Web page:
Last week, my husband Josh and I went to the eye doctor. I wear glasses for driving at night or watching a movie at the theatre, neither of which happen very often these days. (#parentlife) So when I put them on a few weeks ago Josh looked at me and said, “Wow. You need new glasses.”
Somehow, life happened and it had been 15 years since my last eye exam. I’m no fashion designer, but I’m guessing at least 6 fashion cycles have come and gone and my trusty purple spectacles from 2002 have never come back into style. The optician kindly informed us that Josh’s were out of style too. Evidently, ignorance is bliss.
The irony of how uncool we are flows over to our closet as well. Josh and I have slowly begun working out again, and as I prepared to re-enter the intimidating gym, I realized that most of my workout clothes were from college. I paid a lot of money for Lululemon pants and jackets 15 years ago, and I somehow just can’t justify getting new ones, even though the zippers barely close. (#thankskids)
However, our uncoolness has an upside. We paid off Josh’s student loans last year. According to Dave Ramsey, we are officially debt-fee (sans mortgage)! But to be quite honest, we are debt-free because we chose to live the way we did. We made mistakes, but we kept at it.
Money is one of the single biggest reasons marriages fail. According to the Institute for College Access and Success, the typical Millennial carries an average of $29,400 in student loans. Make that times two, and we can assume the average college-educated couple is carrying approximately $60,000 of debt into their marriage. And that’s without any credit card debt or car loans.
Then, add to it our different perspectives on money. We all came into marriage with a suitcase of beliefs and habits about money we picked up from our families and absorbed from the world around us. There’s a good chance your suitcase and your husband’s look different. It is no wonder money brings about stress and arguments.
So how do we get on the same page? Here are some ways we have learned to navigate finances in our marriage:
- Form a team.
The pastor who married us, who happens to be Josh’s best friend, gave us some wise advice on finances before we got married. “You’re a team: Team Straub. If you approach your marriage and finances as a team, you’ll stop fighting against each other and start working together.” So when we got married we literally created our financial logins to be “Team Straub.” (Please don’t hack our bank accounts.) It changed how we approach our finances.
- Talk about the elephant in the room.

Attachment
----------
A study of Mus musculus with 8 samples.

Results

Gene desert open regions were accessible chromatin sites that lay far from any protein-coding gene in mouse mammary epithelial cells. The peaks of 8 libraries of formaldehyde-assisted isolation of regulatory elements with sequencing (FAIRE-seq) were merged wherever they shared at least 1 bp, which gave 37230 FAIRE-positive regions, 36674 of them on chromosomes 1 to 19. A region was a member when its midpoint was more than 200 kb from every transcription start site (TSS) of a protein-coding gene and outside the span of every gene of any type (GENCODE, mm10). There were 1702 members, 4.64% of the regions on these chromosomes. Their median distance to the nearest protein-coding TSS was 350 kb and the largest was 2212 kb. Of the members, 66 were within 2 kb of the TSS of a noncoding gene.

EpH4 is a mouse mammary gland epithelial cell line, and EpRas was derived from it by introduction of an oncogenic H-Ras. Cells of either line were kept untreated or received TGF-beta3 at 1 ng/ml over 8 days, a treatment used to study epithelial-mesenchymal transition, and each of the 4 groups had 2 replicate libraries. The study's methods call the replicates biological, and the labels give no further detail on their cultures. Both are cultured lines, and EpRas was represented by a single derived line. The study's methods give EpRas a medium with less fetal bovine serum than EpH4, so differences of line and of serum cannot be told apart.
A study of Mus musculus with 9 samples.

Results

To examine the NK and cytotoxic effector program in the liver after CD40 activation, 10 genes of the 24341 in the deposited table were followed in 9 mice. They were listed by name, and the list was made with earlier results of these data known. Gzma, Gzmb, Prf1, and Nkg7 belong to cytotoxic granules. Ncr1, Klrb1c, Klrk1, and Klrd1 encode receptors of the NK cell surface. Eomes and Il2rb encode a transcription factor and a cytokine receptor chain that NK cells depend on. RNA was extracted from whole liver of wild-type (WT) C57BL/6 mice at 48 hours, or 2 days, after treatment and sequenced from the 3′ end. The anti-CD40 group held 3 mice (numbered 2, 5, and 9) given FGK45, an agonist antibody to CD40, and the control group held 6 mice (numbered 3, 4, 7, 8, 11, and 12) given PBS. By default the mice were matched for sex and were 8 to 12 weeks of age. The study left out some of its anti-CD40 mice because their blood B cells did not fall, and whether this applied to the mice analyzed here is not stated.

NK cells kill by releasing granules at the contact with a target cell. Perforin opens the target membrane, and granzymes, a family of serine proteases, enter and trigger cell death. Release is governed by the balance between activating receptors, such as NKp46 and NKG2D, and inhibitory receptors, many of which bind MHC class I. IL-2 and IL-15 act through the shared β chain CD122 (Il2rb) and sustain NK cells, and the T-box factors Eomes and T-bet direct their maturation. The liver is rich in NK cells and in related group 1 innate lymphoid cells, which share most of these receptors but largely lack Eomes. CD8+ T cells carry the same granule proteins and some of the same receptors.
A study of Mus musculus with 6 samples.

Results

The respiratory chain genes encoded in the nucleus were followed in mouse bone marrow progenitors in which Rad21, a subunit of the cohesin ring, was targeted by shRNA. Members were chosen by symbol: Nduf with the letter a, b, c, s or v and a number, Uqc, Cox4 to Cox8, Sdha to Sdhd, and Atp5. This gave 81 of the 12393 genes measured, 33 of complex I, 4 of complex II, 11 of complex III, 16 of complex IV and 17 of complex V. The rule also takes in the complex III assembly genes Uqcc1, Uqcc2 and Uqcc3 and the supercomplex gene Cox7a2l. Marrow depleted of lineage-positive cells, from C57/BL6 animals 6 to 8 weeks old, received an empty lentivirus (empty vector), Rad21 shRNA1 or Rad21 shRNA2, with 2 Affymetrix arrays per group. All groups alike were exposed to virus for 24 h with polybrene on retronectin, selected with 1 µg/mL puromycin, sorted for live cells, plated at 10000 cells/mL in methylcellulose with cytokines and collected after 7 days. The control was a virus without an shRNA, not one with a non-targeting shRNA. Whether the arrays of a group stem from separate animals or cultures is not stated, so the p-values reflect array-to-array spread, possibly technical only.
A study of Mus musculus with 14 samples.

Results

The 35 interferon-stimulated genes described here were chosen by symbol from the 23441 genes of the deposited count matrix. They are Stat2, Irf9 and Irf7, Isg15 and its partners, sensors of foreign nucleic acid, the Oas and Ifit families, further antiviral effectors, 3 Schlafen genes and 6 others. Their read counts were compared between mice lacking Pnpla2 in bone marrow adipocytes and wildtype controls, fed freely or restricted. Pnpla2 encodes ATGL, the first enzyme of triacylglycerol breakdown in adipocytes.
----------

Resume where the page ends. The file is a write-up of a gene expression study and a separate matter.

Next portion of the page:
The biggest thing we have learned about money is the importance of talking about it. Arguments come from years of pent up resentment over your spouse’s money habits that you’ve stuffed down. Or maybe you’re the ignorant party who is happily unaware of your current money situation. Leaving one spouse to shoulder the financial management burden makes the “team” feel like an unfair singles match where one spouse is always feeling all the pressure. So talk about it, gently, graciously. If you have more questions than answers, ask them, until you both know where you’re at and where you’re headed. Anything left unattended festers. Consider doing a Bible study together like God Owns It All. This financial study will naturally create a space for conversations about money and lead you and your spouse to deep, meaningful discussions.
- Know your money personality.
Our friends, Scott and Bethany Palmer, developed a tool that can help you discover your money personality. Battles over money often stem from spouses having different tendencies with money. You could be a: saver, spender, risk taker, security seeker, or flyer. Once you know your money personalities, you can take steps to address the issues that turn into arguments.
- You don’t have to sacrifice everything, but sacrifice something.
We love Dave Ramsey’s motto, “Live today like no one else, so you can live tomorrow like no one else.” Living like no one else requires sacrifice. We value adventure over material possessions so we spend money more on trips and memories instead of clothes and stuff. I understand that style and fashion may not be something you’re willing to sacrifice. But, we all have to sacrifice something.
- Set goals.
We encourage you to follow Ramsey’s baby steps. We did a few things backwards, like built an emergency fund before we paid off student loans. But regardless of your goal, make sure to set one and build on it. This begins by setting a budget. Goals in your finances give you something to aim for, and something to celebrate when you achieve them (which is the best part!). Our goals now include investing money for retirement and our kids’ education.
- Give generously.
God rewards a cheerful giver. Sometimes we need to take an honest look at how tightly we’re holding on to our money. Find causes that you and spouse care deeply about, that make you feel like you’re making a difference in the world, together. Nothing will strengthen your team like praying faithfully for and giving cheerfully to the local church and causes you believe in.